Garrett Rogers, at Googling Google, writes of new domain names registered to Google, including a number that hint at a Google Archive service, perhaps similar to that offered by the Internet Archive’s Wayback Machine.
Some comments in a post over at ResourceShelf take up the idea, and offer some additional commentary in Yet Another Day and More Google Domain Names.
A patent application assigned to Google in June, which was published this May – Multiple index based information retrieval system, describes an archive system that Google could offer. Here’s a snippet:
 c) Indexing Instances of Documents for Archival Retrieval
 Another embodiment of the present invention allows the capability to store and maintain historical documents in the indices, and thereby enable archival retrieval of date specific instances (versions) of individual documents or pages. This capability has various beneficial uses, including enabling a user may search for documents within a specific range of dates, enabling the search system 120 to use date or version related relevance information in evaluating documents in response to a search query, and in organizing search results.
I wrote some about this document the day after it was published in a blog post titled Google Aiming at 100 Billion Pages? As I noted there, the inventor listed in the patent filing is Anna Patterson, who developed a beta search engine for the Internet Archives before it was removed from the site, sometime around when she went to work for Google. There’s a possibility that the technology she developed accompanied her in the move to Mountain View, according to a news article from Stephanie Olsen:
Stanford continues in its role as a breeding ground for search projects. Since 2003, Google has purchased at least two projects hatched at Stanford–personalization search tool Kaltix and a project from Anna Patterson, a Stanford computer science research associate.
So, Google has an employee with experience in building a search system for such an archive system, they have intellectual property assigned to them that describes such as system, and it’s possible that they licensed or purchased a search system that successfully worked as a beta in performing searches on the Internet Archive.
The newly registered domain names may be in reference to some other type of service that offers historical records of things like newspapers, magazines, and other periodicals. But, Google seems to have a lot of pieces in place to offer an Archive system like the Internet Archives.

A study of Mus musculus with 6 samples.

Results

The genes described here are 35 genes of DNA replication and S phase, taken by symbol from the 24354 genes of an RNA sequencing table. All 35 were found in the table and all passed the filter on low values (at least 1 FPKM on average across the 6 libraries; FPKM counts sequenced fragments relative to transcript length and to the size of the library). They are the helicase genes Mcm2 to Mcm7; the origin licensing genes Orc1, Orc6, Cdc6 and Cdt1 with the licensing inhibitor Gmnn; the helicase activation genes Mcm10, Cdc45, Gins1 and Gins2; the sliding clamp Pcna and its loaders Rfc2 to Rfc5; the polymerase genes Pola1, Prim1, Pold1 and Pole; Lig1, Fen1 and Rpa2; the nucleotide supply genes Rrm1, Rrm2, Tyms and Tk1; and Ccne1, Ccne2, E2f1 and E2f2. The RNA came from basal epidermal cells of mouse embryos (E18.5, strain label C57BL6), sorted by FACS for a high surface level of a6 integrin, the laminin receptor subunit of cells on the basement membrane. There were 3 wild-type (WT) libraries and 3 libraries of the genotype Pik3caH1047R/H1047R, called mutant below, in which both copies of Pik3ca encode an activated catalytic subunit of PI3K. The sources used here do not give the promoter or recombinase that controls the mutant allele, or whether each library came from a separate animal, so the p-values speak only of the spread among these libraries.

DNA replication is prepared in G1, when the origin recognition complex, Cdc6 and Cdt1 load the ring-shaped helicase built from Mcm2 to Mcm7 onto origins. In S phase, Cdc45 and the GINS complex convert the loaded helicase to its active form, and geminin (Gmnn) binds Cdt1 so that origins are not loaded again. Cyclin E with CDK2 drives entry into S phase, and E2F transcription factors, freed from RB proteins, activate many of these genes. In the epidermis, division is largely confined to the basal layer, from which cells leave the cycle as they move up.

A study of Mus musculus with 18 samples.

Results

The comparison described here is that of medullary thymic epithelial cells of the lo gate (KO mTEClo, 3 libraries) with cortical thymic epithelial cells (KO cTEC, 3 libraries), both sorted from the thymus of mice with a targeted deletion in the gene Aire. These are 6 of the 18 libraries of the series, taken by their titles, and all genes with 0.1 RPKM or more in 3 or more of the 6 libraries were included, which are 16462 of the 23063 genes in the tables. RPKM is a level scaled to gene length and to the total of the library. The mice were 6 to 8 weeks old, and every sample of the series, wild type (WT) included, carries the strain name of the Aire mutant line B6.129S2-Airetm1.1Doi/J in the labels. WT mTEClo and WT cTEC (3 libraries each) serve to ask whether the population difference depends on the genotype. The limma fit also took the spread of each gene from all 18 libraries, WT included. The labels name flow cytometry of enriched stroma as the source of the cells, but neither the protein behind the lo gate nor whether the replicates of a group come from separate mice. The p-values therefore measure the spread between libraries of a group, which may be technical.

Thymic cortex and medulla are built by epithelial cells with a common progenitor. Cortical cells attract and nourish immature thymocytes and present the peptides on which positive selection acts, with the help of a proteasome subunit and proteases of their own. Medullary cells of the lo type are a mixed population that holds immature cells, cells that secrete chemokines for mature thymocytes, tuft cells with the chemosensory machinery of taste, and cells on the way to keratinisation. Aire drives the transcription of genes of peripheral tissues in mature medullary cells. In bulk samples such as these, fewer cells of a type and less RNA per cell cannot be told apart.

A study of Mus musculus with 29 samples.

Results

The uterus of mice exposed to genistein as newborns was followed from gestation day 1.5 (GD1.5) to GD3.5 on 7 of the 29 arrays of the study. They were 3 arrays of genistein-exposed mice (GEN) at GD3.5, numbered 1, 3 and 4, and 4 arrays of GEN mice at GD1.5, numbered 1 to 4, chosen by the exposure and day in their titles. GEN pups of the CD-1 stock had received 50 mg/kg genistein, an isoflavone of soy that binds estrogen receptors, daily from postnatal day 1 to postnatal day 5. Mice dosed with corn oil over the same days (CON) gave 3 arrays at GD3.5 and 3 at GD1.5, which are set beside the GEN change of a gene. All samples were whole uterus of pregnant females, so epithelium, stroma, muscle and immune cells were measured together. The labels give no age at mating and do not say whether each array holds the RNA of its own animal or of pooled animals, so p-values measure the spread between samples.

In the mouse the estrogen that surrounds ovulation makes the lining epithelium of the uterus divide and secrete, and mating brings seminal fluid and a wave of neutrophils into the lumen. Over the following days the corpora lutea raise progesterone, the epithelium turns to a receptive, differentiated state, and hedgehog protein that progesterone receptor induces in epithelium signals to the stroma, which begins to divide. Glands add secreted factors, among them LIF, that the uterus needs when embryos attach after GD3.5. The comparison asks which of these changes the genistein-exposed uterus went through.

Anna Patterson is the listed inventor on a number of patent applications that appear to be related. The first two below are included in the USPTO Assignment Database, with assignments recorded to Google, while the remainder aren’t.
- Multiple index based information retrieval system (20060106792)
- Phrase-based searching in an information retrieval system (20060031195)
- Phrase-based indexing in an information retrieval system (20060020607)
- Phrase-based generation of document descriptions (20060020571)
- Phrase identification in an information retrieval system (20060018551)
In addition to an archive system, these patent applications also include such things as a description of a supplemental index, personalization methods, presentation of search results, classification of documents to topics, and an annotation method that could lessen the impact of Google bombing.
Added 9/6/2006 – Google has added a news archive search. Garrett Rogers writes more about it in Google News Archive Search released today. I’ve tried it out – News Archive Search – and it is a nice addition to the searches that Google provides. It has more than news sources. For instance, Ancestry.com told me that my grandfather’s WWI draft registration card is available for me to see if I sign up with them.
I’m not seeing many results in the News Archive Search that don’t require a subscription or a pay-per-view fee.